Prehistoric microbes from the Arctic could help make crops drought-proof

Single-celled unicellular algae seen at magnification
Microscopic organisms from the Arctic are being examined by the team of scientists - NOAA Arctic Research Program

British plant biologists are to work with their European counterparts to determine whether ancient microbes extracted from deep below the Arctic surface can be used to help present-day plant species adapt to climate change.

A team at Heriot-Watt University in Edinburgh has been awarded £500,000 by Horizon Europe, a European Union scientific research initiative, to work on the four-year project, Tolerate. They will examine soil samples which are hundreds of thousands of years old.

Dr Ross Alexander, a plant molecular biologist at Heriot-Watt, said: “The Tolerate team is using samples from the palaeolithic period, around 100-200,000 years ago, because the planet was warming then, much like now.

“The project aims to find out whether the plants, soil and bacteria of the past can help our current crops survive in a rapidly changing planet.

“Drought is a particular concern for crops around the world. According to the latest report of the European Drought Observatory, 47 per cent of the EU is in warning conditions and 17 per cent is in alert conditions. Cereal yields are decreasing by as much as 10 per cent in some areas.”

Shoot sprout out of the ground
Prehistoric bacteria could be used to help crops grow in dry conditions - Anna Fedoseeva/Moment RF

Tolerate scientists at Alfred Wegener Institute in Germany have already dissected the DNA of some of the prehistoric bacteria from the samples.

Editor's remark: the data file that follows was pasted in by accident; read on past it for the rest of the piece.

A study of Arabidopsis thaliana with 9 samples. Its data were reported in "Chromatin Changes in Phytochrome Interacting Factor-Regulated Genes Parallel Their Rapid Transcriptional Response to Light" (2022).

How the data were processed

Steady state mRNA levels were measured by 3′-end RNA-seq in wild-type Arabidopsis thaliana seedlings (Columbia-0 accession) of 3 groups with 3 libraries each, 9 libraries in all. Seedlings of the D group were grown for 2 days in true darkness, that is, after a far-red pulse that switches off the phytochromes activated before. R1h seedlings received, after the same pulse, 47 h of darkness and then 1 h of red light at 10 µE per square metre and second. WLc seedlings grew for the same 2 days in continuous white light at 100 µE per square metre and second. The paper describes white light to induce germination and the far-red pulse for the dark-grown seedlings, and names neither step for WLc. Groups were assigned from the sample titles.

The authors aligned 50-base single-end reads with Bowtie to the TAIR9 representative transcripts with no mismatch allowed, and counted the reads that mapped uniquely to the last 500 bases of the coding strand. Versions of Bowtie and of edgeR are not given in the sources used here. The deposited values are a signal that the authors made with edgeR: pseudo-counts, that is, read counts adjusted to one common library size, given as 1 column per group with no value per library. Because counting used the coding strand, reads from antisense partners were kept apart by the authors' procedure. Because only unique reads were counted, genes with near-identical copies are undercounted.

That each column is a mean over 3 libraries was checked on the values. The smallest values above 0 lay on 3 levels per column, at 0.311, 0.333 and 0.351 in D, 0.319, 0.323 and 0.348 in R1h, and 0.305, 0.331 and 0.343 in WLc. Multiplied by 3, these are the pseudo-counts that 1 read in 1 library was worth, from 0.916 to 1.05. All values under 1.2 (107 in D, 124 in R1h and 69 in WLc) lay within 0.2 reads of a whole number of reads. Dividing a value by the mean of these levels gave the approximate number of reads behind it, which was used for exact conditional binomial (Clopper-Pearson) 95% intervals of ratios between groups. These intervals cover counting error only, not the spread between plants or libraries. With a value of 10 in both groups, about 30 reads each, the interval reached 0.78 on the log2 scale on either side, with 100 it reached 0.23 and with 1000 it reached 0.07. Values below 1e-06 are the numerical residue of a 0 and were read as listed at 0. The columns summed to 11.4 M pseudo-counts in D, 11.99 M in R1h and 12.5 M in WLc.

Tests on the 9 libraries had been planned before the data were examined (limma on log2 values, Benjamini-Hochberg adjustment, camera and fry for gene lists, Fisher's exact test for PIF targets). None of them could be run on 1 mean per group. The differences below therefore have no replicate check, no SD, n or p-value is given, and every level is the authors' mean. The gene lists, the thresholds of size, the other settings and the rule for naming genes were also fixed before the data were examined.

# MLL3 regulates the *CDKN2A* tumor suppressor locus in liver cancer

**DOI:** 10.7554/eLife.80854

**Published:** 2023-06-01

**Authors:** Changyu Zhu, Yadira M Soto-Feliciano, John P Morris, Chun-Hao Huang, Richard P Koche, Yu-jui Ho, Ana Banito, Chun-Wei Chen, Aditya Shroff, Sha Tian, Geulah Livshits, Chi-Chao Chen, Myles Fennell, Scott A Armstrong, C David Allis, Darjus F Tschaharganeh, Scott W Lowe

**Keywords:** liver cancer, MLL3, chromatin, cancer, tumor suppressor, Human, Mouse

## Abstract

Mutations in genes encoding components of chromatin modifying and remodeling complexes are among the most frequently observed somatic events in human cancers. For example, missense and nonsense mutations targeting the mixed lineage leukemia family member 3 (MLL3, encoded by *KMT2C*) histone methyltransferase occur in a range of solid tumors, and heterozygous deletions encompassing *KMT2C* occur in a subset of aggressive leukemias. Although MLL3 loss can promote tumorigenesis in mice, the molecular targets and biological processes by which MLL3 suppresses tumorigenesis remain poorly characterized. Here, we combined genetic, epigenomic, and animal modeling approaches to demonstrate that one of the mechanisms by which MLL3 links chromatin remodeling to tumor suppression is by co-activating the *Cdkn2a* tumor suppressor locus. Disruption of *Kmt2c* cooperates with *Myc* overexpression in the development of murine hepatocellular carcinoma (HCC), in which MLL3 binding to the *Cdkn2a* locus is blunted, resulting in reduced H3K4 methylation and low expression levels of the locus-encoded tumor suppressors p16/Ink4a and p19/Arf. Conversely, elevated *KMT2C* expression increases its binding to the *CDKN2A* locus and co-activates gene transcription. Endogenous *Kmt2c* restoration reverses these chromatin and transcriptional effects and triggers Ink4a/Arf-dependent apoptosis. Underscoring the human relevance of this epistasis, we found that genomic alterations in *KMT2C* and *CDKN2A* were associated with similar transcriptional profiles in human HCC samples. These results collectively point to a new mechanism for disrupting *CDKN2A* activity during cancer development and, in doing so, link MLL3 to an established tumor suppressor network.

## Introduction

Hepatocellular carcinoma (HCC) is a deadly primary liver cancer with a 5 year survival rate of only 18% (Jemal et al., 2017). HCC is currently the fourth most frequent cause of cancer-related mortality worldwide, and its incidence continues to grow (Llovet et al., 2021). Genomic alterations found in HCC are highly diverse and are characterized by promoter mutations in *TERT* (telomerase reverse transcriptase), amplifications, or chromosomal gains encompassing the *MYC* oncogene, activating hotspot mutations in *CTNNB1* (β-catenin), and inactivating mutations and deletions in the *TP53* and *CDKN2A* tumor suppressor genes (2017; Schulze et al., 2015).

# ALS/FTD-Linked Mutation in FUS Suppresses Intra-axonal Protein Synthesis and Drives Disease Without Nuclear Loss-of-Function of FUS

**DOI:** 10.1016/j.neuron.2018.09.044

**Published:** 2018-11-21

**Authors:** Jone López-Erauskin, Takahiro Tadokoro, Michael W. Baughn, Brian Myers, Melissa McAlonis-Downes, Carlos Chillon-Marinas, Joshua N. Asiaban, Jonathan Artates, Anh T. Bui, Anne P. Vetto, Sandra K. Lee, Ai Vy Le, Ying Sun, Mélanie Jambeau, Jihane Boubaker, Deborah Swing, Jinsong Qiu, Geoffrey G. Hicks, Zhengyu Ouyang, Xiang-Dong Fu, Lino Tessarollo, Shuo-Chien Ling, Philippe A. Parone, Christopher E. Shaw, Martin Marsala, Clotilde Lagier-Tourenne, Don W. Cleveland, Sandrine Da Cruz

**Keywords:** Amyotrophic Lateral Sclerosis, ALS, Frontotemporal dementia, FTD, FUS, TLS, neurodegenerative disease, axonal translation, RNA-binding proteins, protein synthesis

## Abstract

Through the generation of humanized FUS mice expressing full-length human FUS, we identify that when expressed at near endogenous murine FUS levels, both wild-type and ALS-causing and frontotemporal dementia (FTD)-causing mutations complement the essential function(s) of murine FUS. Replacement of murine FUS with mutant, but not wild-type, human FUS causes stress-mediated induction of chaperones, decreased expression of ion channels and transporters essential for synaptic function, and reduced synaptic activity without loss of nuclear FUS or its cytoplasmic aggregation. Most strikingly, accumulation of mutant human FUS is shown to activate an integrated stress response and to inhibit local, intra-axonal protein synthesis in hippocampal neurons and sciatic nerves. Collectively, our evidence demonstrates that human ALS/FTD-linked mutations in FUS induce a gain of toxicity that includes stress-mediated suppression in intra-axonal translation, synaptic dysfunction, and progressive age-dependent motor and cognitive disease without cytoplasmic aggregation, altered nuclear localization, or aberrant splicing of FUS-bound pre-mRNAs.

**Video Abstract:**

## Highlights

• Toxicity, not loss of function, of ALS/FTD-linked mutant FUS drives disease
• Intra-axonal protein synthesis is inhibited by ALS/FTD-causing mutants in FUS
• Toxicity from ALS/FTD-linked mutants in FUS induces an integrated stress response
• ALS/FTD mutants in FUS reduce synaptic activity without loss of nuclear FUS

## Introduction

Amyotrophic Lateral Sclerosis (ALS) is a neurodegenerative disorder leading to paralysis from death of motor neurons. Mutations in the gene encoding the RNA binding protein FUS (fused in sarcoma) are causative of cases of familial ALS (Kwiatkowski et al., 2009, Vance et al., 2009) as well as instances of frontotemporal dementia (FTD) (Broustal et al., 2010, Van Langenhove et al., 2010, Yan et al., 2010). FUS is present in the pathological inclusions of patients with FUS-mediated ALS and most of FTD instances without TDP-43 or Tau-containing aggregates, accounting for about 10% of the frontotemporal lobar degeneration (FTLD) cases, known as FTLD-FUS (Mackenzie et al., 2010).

The Heriot-Watt team will run tests to determine whether this ancient DNA can help present-day bacteria support plants when water is scarce.

Dr Alexander said: “Bacteria play a huge role in plant health. They release compounds that might help plants retain

moisture around the roots, act like glue to help maintain the soil or help the plants take up the nutrition they need.

“We’ll be using above-ground controlled growth chambers to see if we can use the bacteria to drought-proof barley, one of Scotland’s biggest crops.”

Agriculture in the UK ‘under stress’

Professor Stephen Euston, an expert in food chemistry at Heriot-Watt, said: “We’re in touch with farmers and landowners across Scotland to source soil samples.

“Agricultural systems in the UK and worldwide are facing multiple stresses, including climate change, pressure for land for housing and population increases.

“If we could grow food crops like barley on marginal land that’s currently unsuitable for agriculture because of issues like drought, there would be huge economic and social benefits.”

Prof Euston added: “Additionally, the molecules these bacteria produce to help improve soil and water availability to crops could have valuable uses elsewhere.

“We are working towards producing large enough quantities of these molecules to be tested in biomedical and industrial cleaning applications, for example.

“Having access to these ancient samples is an incredible bonus. There could be a huge wealth of biological resources that we could tap into to improve our current and future environment in Scotland and around the world.”

The team will be recruiting a PhD student and a postdoctoral student to help with the research.